Get the Desired Outcome You Want from Setting BoundariesJul 12, 2020
In the words of Steven Covey, it’s important to “begin with the end in mind.” Let’s be clear about that here. What is it we are trying to accomplish? The simple answer is this:
We are not trying to gain control of other people or of all the circumstances or even all of the outcomes. Those things will take care of themselves as you gain control of the only thing you can ever control — yourself. As you do that, you will experience the things all of us desire in the integration of work and life.
The irony is that most people are so caught up in trying to control the things they cannot control — other people, circumstances, or outcomes — that in the process they lose control of themselves. And here is the real paradox. It is only when you do take control of yourself that you will begin to have significant influence on those other things: people, circumstances, and outcomes. People in control of themselves do the most to influence everyone and everything around them to good ends, results, and profits. But they start with themselves, and that is the essence of boundaries.
Before we get ahead of ourselves, let’s get back to that desired outcome, the vision. What does that look like? What is it we are trying to accomplish by building good boundaries? How about this? What if . . .
Each day when you get up, you know that you will spend that day pouring yourself, fully engaged, into the things that matter to you. What if you know that you will do your work well, getting great results, enjoying the process and the relationships that come with them? As a result, you feel invigorated and alive when you think about what you are going to do that day. Throughout the day, although there will be challenges, difficulties, problems, and even problem people, you will feel competent and confident to deal with what comes your way. While you may get tired, even exhausted at times, you will not feel depleted, burned out, or dead inside.
When you put your head on the pillow that night, you know that you moved the ball down the field that day, in the right game, and in ways that matter to you. You are where you are supposed to be, doing what you were made to do, accomplishing all that you are capable of. You feel good through it all, knowing that your professional life works well with the other things that are important to you: your family, your friendships, your avocations, your values, your passions, your health, and your spirituality. The two lives, work and the personal things you value, are not in conflict with each other, nor do they even feel like two lives. Instead, you feel like one person authentically living out different parts of yourself in an integrated fashion, not allowing any one part to become the whole, or to get in the way of the other parts. That is what it looks like to be fully human — and fully alive.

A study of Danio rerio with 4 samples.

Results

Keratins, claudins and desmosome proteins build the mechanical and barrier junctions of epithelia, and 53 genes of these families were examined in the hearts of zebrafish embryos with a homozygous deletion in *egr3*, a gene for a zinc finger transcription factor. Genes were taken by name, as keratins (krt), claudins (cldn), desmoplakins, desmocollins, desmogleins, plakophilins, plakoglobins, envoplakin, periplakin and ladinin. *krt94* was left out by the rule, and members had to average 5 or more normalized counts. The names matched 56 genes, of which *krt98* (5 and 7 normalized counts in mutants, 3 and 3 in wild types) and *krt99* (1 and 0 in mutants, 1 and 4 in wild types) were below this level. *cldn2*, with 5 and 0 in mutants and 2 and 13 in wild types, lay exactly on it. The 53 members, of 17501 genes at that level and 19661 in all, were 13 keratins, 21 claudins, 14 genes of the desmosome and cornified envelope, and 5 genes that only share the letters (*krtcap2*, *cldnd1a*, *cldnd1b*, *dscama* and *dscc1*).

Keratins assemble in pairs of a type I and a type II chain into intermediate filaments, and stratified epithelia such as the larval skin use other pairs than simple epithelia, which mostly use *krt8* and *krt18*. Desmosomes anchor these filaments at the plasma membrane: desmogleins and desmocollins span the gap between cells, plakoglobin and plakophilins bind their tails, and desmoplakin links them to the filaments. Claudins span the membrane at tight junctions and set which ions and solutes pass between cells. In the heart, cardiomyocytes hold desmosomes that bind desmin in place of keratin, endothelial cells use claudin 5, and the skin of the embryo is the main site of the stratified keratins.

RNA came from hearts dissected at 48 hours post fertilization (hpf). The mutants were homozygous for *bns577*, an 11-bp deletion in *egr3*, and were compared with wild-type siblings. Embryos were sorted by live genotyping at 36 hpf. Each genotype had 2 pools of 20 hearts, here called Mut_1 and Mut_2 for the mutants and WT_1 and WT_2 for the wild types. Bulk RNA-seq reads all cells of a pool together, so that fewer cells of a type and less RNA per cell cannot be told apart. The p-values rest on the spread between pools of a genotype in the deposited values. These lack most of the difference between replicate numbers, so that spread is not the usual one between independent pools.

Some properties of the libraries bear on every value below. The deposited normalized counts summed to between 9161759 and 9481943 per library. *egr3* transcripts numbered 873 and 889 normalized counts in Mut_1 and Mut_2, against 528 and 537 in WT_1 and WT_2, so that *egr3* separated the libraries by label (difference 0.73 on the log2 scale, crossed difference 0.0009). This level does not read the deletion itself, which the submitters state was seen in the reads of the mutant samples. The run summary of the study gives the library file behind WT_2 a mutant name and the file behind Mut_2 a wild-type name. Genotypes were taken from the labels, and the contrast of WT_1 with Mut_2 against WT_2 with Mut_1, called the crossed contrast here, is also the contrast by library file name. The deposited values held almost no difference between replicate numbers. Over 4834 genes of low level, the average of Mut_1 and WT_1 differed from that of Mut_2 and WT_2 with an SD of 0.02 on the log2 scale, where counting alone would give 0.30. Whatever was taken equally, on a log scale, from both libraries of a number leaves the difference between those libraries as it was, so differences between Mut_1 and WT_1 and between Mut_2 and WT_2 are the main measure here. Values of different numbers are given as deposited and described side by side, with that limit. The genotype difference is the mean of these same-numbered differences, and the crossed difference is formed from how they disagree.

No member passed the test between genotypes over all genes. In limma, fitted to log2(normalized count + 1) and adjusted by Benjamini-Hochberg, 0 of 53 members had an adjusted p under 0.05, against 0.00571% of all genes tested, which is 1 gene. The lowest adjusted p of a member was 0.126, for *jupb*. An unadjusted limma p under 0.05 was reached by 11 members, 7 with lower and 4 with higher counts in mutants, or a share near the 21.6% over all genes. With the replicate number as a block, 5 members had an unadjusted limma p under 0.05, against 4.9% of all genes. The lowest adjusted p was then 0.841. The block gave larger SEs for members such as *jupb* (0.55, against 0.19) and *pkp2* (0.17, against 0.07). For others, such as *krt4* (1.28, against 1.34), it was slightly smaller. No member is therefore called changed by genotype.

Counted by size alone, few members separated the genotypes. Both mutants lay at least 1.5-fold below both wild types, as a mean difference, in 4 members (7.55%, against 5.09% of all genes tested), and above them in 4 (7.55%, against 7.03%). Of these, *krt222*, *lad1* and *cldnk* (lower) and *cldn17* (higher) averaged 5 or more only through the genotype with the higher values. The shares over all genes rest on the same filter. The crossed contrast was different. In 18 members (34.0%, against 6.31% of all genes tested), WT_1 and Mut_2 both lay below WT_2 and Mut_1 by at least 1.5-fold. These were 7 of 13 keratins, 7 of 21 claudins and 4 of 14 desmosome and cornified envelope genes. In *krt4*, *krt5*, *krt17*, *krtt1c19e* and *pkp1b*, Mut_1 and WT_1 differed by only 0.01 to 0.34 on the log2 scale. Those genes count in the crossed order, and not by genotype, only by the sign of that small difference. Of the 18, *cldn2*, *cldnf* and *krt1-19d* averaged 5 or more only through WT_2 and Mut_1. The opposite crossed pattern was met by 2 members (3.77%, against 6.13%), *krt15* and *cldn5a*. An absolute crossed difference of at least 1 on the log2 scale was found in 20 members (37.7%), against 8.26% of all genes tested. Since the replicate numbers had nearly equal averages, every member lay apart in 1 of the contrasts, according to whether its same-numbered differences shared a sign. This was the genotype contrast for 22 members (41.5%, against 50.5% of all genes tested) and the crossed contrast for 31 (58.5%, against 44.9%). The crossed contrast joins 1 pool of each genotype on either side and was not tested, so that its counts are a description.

Certainly, that sounds good. But, do you think it is really possible? Before you write it off as impossibly idealistic, think about it. It had better be possible. The alternative does not sound good at all:
You wake up dreading another day in which you will feel disengaged as you pour your time and energy into things that do not matter to you. You may or may not get results, and the process and most of the relationships will bring you down. You will feel demotivated and heavy when you think about what is ahead of you that day. The challenges, problems, and difficulties feel overwhelming, and you know they will somehow get the best of you, no matter what. You know you will feel drained, burned out, powerless, and passionless when you are done.
At night, you look back and realize you have missed another day of doing what you were made to do, and nothing you accomplished is really important to you. Through it all, you felt squeezed and conflicted about the choices you had to make between your work and your personal life.
You realize your work keeps you from having what you need and want in those personal areas that matter greatly to you. It seems like work, supposedly only a part of life, has infected the whole of life with its weightiness, and you are not sure what has happened or what to do about it. So, tomorrow does not look a lot different than today.
People with good boundaries feel as if their lives belong to them, and no one else. Their feelings, thoughts, choices, desires, opinions, behaviors, talents, and whatever else goes on in their lives exist on their property—their minds, hearts, and souls. They do not “disown” these things by thinking they are someone else’s problem. They do not blame others when they are not feeling good. They do not make choices and then act like the consequences of those choices are because of someone else.
These people “own” their lives, their opportunities, their successes, failures, fears, or whatever else exists on their side of the fence. If a boss or co-worker or the market leaves them feeling bad, they acknowledge that problem as their own. It belongs to them. It is their problem, no matter who might be on the other end of it, or the cause of it. If the distress is in their soul, they take ownership of that distress, even if they did not cause it.
Which areas of your life — your time, energy, passion, and thoughts — do you own and to what extent? Do they really belong to you, or to someone else?